This field trip + core workshop compares three very different deepwater depositional systems that have one thing in common – they are linked to a delta. The first of these represents a mud-rich end member and was deposited in a distally steepened outer ramp several 10s of kilometers from the coeval shoreline. The second represents coarse-grained fan delta deposits and their sub-aqueous counterparts. The third system is not visited in the field but at the United States Geological Survey in Denver as a series of closely spaced well cores and represents a sand-rich shelf margin delta. Teaching objectives are for participants to celebrate the diversity in geometry and dimensions of deepwater channels and lobes. We will be showing several seismic, log, borehole images and core examples at every stop such that participants can relate what they see in outcrop to the day-to-day tasks around the office such as picking horizons, mapping, and correlation. This course is particularly relevant for those of you working turbidite reservoirs that are fed by a delta up-slope such as the Lange, Lysing, or Knurr of the Norwegian Continental Shelf, the Sembar and Lower Goru in Pakistan, or the Wilcox in the Gulf of Mexico. If you are based in the US and want a shorter version with a greater emphasis on seismic stratigraphy, here’s another option.
Please bear in mind that this is not a field-trip focused on delta front collapse – if that is what you are interested in we can create a tailor-made field trip for you.
This course is meant for all who are working on deepwater reservoirs in an exploration or development capacity. This course is particularly useful for those interpreting seismic data on a daily basis.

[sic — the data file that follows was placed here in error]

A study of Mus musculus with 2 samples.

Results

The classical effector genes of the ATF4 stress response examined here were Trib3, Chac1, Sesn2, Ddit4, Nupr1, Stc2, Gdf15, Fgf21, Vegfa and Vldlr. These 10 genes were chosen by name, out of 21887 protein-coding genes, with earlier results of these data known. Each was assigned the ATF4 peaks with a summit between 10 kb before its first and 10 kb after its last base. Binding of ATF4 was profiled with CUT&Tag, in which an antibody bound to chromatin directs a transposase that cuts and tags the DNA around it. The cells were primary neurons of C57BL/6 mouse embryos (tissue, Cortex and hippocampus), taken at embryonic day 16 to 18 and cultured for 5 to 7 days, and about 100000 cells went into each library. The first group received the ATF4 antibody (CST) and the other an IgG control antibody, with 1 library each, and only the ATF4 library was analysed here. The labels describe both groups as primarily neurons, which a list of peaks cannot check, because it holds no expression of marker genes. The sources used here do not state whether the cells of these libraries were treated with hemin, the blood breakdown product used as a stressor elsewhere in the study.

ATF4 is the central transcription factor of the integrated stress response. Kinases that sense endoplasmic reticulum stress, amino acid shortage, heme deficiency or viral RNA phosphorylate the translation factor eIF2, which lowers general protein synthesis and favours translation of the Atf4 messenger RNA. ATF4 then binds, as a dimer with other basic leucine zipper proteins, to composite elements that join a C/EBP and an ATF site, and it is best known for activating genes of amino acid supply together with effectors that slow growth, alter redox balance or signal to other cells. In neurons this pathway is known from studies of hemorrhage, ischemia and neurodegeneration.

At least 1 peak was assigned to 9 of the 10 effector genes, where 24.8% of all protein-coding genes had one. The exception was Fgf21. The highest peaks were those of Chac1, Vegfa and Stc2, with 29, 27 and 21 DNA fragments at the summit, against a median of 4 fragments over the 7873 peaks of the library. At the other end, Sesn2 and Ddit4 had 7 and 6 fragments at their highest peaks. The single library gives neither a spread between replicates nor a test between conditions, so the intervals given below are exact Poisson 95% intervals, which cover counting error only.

You will be arriving the day before at Canyonlands Field Airport in Moab, Utah and we will be picking you up and checking you in to your hotel. The next morning we will begin with a safety briefing,
orientation to the field, lecture on Deepwater lobe beds, lobe elements, lobes, lobe complexes and fans (hierarchy), axis vs fringe facies, architecture, evolution, recognition in outcrop, core, well-logs, and seismic.
In the field, you will get to see a perfect cross-section through a deepwater lobe where you get to see bidirectional pinching out and thickening along the axis in one sweeping view. At this spectacular location, we will have participants compare observations from an outcrop with real sub-surface data from basins across the globe. Participants will gain an appreciation for compensation stacking at every scale.
Lecture on Deepwater Channel storeys, elements, complexes and complex sets (hierarchy), fill, architecture, evolution, channel-axis vs channel-margin facies, recognition in outcrop, core, well-logs, and seismic.
Lectures on homo, hypo and hyperpycnal flows and tendency of certain rivers to produce hyperpycnal flows on a regular basis whereas others cannot.
We will then drive to look at coarse-grained high-gradient deepwater systems and the fan deltas that feed them.
Lectures on the process sedimentology of deepwater deposits: we will cover turbidites vs debrites, hybrid beds, and how facies associations can be used to determine whether your well has been drilled in axial vs marginal location of a channel or lobe.
We will cover deepwater hierarchy and how to organize stratal packages into channel storeys, channel elements, channels, channel complexes for confined and lobe elements, lobes, lobe complexes, and fans for unconfined systems.
The arrival airport for this field trip is in Canyonlands Field Airport in Moab, Utah, and the departure airport is from Denver International Airport, Colorado
The field trip is offered every year in the last week of September and costs $5000/person. This cost is all-inclusive and includes 5 nights hotel stay, all meals, snacks and drinks, field vehicles, fuel, permits, guidebook, exercise materials, and tuition.